Grant's Clock
Landmark Whitley Bay Tyne And Wear

Grant's Clock

Landmark In Whitley Bay, Tyne And Wear

An ornate clock standing on Whitley Bay promenade, unveiled by Councillor James Hamilton Grant in 1933.

Grant's Clock on Whitley Bay promenade has stood in its current position since it was presented to the people of Whitley Bay and unveiled on April 12th 1933 by Councillor James Hamilton Grant. It withstood all that the North Sea could throw at it for 88 years until November 2021 when Storm Arwen struck and dislodged the clock from its pillar, smashing the glass and destroying the movement with its 98mph winds.

Thankfully, given its place as a popular landmark in Whitley Bay, North Tyneside Council quickly set the wheels in motion to ensure it was repaired and returned to its former glory as soon as possible. Six months later, after repair work by specialists at Smith of Derby, Grant's Clock was reinstated with a fresh coat of “Whitley Bay Blue” paint on the pillar.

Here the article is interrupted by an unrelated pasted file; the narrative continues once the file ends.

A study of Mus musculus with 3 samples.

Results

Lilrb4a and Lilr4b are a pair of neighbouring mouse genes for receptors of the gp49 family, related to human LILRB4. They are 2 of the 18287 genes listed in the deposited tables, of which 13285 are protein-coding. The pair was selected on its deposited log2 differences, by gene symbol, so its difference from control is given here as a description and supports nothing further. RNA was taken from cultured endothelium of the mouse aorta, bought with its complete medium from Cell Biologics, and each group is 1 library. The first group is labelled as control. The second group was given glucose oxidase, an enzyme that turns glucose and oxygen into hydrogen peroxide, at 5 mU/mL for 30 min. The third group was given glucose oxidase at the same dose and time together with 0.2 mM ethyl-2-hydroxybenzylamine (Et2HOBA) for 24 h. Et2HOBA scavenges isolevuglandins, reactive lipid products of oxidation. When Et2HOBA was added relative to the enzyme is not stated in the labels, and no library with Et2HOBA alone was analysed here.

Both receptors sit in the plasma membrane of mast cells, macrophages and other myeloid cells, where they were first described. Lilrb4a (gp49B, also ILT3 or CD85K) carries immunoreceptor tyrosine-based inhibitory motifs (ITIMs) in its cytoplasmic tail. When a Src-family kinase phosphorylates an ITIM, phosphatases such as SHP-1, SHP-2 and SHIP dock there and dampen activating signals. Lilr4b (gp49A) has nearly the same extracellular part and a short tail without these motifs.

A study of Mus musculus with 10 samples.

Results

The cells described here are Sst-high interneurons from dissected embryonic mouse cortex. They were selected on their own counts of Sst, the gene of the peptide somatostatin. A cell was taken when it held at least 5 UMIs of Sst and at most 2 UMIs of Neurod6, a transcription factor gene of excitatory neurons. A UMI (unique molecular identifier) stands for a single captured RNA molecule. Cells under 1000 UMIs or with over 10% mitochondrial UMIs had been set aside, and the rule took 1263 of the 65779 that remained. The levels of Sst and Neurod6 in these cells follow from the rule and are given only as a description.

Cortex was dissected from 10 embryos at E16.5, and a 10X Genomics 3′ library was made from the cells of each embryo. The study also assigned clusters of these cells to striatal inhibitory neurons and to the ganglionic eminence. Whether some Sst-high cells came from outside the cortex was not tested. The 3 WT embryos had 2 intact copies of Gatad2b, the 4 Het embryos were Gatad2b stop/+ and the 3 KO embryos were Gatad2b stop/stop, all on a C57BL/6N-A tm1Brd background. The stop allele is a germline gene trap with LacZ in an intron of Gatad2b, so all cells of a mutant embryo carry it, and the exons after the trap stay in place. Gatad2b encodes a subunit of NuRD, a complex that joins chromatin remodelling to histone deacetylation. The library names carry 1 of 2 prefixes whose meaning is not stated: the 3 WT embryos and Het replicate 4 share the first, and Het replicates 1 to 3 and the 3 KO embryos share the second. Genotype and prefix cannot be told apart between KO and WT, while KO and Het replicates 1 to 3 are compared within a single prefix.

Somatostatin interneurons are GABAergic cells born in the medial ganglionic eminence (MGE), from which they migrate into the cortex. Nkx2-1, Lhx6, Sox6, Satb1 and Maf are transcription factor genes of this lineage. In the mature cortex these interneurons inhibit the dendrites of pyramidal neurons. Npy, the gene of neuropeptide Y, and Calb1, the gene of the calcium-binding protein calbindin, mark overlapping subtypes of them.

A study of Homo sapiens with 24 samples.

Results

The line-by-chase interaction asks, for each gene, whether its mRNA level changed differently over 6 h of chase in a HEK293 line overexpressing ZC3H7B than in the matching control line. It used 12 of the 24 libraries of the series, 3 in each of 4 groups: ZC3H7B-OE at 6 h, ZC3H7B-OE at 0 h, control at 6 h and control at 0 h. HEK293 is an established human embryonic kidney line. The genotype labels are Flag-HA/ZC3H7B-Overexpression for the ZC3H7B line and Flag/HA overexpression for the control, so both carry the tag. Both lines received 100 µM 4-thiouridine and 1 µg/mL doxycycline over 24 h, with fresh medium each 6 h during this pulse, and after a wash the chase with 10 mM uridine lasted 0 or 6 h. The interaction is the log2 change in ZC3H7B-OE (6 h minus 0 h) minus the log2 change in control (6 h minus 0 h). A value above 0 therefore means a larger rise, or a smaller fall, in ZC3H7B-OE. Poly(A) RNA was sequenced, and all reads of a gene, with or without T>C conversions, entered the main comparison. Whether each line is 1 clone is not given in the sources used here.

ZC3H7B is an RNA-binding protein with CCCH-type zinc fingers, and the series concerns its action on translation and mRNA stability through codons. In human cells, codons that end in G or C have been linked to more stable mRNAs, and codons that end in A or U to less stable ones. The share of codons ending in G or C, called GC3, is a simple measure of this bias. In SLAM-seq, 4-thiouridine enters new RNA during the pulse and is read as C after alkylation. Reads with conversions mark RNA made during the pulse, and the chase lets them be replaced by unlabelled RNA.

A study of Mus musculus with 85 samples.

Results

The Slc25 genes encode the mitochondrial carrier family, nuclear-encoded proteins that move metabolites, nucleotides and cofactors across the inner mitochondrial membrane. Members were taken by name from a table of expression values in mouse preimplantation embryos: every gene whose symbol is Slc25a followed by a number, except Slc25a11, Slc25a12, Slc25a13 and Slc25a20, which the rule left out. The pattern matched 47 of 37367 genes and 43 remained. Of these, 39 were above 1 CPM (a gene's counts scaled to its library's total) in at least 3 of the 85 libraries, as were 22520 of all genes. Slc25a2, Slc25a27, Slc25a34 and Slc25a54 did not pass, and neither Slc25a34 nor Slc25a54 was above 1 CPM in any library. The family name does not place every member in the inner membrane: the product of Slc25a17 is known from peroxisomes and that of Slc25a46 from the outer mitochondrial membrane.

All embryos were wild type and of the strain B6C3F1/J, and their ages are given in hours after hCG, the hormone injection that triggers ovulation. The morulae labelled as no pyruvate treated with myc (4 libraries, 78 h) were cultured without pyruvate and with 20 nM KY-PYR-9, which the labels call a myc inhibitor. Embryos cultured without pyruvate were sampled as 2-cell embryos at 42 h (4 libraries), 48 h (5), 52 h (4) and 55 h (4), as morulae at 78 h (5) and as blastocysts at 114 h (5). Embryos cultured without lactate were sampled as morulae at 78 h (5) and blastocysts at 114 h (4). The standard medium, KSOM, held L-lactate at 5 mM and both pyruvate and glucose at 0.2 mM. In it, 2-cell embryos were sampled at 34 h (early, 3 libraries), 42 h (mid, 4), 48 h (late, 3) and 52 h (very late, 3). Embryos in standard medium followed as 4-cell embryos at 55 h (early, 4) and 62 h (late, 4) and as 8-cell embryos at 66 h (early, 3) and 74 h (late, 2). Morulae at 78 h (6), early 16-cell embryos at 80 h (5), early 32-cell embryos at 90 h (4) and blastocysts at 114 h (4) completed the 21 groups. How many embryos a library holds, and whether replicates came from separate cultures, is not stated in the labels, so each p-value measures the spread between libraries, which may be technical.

The clock is often referred to as the “little sister” to St Mary's Lighthouse, which can be seen in views looking north from the clock, due to the similarity of its pillar to the form of the lighthouse. Originally this pillar was painted white to match St Mary's but recent years have seen it painted black and lately blue. The clock has two faces, looking north and south, that will hopefully be telling locals the time for another 90 years.


Where Is Grant's Clock?





Contributed by Andrew Gardner

I love being outdoors, in nature, and experiencing the relaxation it brings. Wandering through the northern countryside seeing unexpected buildings, historic places and occasionally surprised wildlife is one of life's great pleasures.